MPs demand investigation into unlawful police action
Comment Today’s revelation that the police raid on the offices of Damian Green, MP, had been carried out without a full warrant may yet return to haunt the police officers who authorised it.
Critics of the police are asking whether this was simple oversight, or part of a broader pattern of police setting out to ignore restraints placed by parliament on their behaviour.
A few cases reported on over the last few months give a flavour of what has been going on. In a raid on the premises of former computer forensics expert Jim Bates in September, police insisted on removing documents that both he and his solicitor claimed were directly related to an ongoing criminal trial, and therefore “privileged”.
Section 7.2 of PACE Code B, which governs police search and seizure, states: “No item may be seized which an officer has reasonable grounds for believing to be subject to legal privilege, as defined in PACE, section 10, other than under the Criminal Justice and Police Act 2001, Part 2.”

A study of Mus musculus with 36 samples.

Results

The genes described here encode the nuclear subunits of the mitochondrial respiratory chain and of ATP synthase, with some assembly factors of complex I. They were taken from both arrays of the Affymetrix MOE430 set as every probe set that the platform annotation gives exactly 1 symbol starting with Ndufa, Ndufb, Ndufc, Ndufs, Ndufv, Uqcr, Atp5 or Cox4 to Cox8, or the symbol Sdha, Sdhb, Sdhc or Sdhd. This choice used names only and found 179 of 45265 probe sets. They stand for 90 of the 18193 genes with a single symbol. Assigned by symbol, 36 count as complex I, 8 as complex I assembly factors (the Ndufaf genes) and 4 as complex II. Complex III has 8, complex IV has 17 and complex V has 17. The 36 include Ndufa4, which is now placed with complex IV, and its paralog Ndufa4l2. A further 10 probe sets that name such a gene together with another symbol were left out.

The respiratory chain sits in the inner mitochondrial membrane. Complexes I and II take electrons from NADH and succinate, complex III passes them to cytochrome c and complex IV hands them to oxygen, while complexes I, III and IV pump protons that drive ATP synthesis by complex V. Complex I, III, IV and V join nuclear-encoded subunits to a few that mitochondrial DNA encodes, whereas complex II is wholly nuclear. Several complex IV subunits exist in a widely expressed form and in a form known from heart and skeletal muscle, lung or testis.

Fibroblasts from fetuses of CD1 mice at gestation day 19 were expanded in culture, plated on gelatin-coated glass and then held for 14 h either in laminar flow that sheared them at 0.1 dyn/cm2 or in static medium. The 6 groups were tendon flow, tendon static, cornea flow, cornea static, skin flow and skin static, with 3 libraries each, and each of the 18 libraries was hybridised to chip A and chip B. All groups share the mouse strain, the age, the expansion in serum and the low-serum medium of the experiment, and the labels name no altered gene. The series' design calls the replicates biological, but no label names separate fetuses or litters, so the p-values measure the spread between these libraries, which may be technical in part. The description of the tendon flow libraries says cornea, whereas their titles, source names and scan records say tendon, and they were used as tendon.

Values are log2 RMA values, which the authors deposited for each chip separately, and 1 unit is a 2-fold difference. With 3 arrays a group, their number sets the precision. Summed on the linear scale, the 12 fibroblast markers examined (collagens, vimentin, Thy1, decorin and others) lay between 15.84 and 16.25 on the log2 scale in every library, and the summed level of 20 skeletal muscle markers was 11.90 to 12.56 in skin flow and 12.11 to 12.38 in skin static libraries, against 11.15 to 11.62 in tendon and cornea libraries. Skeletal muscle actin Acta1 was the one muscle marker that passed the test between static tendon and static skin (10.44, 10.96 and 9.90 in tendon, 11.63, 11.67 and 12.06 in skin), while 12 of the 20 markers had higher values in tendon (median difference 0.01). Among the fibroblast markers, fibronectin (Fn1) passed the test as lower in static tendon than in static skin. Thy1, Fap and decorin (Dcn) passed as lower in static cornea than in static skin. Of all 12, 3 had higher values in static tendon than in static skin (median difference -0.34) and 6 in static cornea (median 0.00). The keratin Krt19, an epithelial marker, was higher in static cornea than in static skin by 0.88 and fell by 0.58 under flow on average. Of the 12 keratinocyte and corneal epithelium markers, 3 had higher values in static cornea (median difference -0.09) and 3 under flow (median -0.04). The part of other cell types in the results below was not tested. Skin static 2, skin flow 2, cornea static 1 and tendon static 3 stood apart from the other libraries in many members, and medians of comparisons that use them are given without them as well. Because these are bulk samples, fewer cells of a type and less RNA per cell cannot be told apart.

Another seriously murky episode involved police bugging conversations between Tooting MP Sadiq Khan and one of his constituents in prison awaiting extradition for terror offences. Sir Christopher Rose investigated, and while he dished out a mild slap on the wrist to the police, he also left many questions unanswered. His report concluded, bizarrely, that the Wilson Doctrine, established in the 1970s, forbade the security services from bugging MPs where the authorisation of the Home Secretary was needed. However, it did not prohibit bugging of MPs where only the authorisation of senior police officers was required.